Arrests were made following the current protests in Belarus against the current government.Photo//Slate

The country of Belarus, located in Eastern Europe, gained its independence from the Soviet Union in 1991 and has since been run by authoritarian President Alexander Lukashenko, often described as “Europe’s last dictator.”

Leading up to the country’s presidential elections, the people of Belarus have been objecting to Lukashenko and the government, demanding a new democratic nation. 

Protests began prior to presidential elections held on August 9, 2020 and continued more furiously after Lukashenko’s contradicting win. The results were rejected by Belarusians, who claimed the results were rigged.

The protests involved many women dressed in white and carrying flowers and people linking arms and marching through the streets. Opponents of Lukashenko have faced violent and inhumane persecution and hundreds of demonstrators have been imprisoned. 

During his presidency, Lukashenko took control of legislators that could impeach him, and term limits were eliminated. The president’s orders had superiority over legislative laws, which gave him unchallenged control of the government and its people. Under Lukashenko’s rule, censorship and human rights violations were rampant.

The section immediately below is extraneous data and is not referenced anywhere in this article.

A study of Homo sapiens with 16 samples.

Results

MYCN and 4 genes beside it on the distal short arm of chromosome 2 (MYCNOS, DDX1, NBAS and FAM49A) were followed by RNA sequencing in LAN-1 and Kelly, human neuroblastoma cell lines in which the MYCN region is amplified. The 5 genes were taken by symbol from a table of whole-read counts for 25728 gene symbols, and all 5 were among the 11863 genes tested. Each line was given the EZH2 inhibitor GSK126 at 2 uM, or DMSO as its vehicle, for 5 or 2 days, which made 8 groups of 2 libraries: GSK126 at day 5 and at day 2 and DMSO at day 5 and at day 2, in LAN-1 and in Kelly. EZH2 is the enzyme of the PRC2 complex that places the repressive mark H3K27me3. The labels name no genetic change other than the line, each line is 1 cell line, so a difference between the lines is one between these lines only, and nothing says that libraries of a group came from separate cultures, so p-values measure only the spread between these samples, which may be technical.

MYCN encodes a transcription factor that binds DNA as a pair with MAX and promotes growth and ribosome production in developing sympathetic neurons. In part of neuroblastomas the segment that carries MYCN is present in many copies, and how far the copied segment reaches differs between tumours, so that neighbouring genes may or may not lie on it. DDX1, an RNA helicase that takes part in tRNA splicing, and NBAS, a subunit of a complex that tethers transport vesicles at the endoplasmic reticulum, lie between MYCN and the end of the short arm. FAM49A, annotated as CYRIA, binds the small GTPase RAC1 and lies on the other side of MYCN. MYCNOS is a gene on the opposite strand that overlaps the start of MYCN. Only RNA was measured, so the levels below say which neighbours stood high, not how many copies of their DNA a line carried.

Freedom of the press was restricted, journalists were frequently jailed, and state media were submissive to the president. In addition to those regulations, protests required permits, certain religious publications were prohibited, and the Belarusian Orthodox Church was given precedence. 

Despite the public uproar, in this year’s election, Lukashenko still ended up winning his sixth term. He won 80% of the vote against his four opponents, even though his first two opponents were well known in the country. His first three opponents were barred from running against him. The first opponent was imprisoned for money laundering, but claims have been made that this was a political move by the president.

The second opponent was ineligible because he could not get 100,000 signatures to run against him. The third opponent was a YouTuber who was known for opposing Lukashenko and the government. He was also barred from running, but then his spouse, Sviatlana Tsikhanouskaya decided to run in his place. 

Tsikhanouskaya had support from the other candidates, and the public was in favor of someone who did not have any prior involvement with the government. Since the elections, she has had to flee the country, but she is still demanding a new democratic leadership and economic reform in Belarus.

The Russian government has been supporting Lukashenko, but Belarusians have been receiving international support and foreigners have condemned the police brutality against protestors.